By Briana Vannozzi
For chronic pain sufferer and cancer survivor Patrice DeFrino, therapeutic Reiki is the only treatment — in her long list of attempts — to rid her severe neck pain caused by arthritis.
“I got to a point where it was interfering with my everyday activity. It was that bad,” DeFrino said.
It’s an ancient Japanese technique for stress reduction and healing. A practitioner works to help energy flow through the body along meridians.
“And it maybe sounds very simple and it actually is very simple. But when you can remove that energy blockage in the body, the body knows how to heal itself and it will and then the pain can be relieved,” explained Diana Harraka.
“I can feel the energy working like you can feel heat sometimes or some of the energy moving at times,” DeFrino said.
Harraka practices wellness reiki and acupressure at Malo Health and Wellness Center in Bergen County. She’s often a patient’s last resort after they’ve exhausted all other treatment methods.
“We work hand in hand with the medical community and doctors are now starting to refer patients,” she said.
“We are all here because we don’t treat diseases, we don’t treat organs, we treat the whole person. If you treat the mind, you can treat the body,” said Rouzbeh Sattari.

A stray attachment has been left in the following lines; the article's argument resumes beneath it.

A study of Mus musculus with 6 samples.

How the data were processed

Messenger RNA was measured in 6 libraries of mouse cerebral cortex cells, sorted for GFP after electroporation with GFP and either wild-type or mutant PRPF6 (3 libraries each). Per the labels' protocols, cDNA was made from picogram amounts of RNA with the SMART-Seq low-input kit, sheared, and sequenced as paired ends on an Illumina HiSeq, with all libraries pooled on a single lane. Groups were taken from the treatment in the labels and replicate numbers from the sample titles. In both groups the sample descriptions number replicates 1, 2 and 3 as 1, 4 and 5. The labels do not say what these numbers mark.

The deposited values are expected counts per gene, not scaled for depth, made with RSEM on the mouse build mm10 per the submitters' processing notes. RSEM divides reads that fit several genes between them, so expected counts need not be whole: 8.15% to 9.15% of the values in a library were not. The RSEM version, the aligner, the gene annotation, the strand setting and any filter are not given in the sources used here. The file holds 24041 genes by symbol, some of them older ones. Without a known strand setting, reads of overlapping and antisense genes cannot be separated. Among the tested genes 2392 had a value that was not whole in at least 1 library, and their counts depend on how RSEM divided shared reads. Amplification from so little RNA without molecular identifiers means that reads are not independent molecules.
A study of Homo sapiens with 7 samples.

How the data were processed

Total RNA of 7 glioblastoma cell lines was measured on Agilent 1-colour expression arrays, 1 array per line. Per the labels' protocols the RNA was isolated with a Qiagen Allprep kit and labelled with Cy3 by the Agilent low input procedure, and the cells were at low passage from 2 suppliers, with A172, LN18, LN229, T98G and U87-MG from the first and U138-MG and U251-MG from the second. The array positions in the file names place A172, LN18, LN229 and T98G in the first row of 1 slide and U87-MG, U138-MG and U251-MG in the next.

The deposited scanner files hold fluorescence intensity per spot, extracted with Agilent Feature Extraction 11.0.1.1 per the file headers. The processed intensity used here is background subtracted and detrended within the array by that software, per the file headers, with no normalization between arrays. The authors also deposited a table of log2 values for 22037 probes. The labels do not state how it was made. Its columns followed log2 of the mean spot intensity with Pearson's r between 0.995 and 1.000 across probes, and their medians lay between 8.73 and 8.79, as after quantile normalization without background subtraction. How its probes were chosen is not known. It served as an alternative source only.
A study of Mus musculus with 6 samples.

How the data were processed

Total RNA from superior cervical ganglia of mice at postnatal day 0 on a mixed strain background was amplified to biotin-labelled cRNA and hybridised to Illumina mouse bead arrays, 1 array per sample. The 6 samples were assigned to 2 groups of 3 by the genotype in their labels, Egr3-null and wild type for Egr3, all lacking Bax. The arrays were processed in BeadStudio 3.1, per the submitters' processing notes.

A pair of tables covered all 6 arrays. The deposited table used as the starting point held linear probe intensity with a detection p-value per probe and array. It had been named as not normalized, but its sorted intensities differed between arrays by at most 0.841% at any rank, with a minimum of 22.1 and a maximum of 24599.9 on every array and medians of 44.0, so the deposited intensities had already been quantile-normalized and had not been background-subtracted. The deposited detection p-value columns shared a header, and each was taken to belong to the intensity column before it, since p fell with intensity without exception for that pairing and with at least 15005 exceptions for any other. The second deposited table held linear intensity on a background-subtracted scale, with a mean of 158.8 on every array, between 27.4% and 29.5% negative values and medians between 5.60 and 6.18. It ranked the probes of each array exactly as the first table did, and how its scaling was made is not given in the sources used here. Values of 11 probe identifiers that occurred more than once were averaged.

Alternative therapy methods work by putting the body back into balance. They’re known to help conditions like chronic pain, TMJ, fibromyalgia and even migraines.
More and more hospitals are bringing in therapists to treat pre- and post-surgical patients. The VA is finding much success for soldiers coming home with varying degrees of mental and physical trauma. For many patients, the alternative is grim.
“Put me on anti inflammatory, steroids, muscle relaxer, pain relief and physical therapy for six weeks, none of which helped. The next step would have been trigger injections which I didn’t even like the sound of that,” DeFrino said.
And the results, while at times inexplicable, are also indisputable.
“I would say my first session, my pain was a number 10 on a level from zero to 10. I would say after my first session, I would say it was down to a six right away,” said DeFrino.
And now, no pain at all for months.
“The word is getting out there and they’re seeing results and although a lot of it cannot be proven, there are dramatic changes in people that do have alternative healing done,” said Harraka.
State Sen. Tony Bucco has jumped into the fray to bring more clarity and awareness to the growing field.
“I think the insurance companies should cover this therapy,” he said.
And for critics, of which there are many, Harraka and DeFrino both say just try one session. It’s something you have to feel to believe.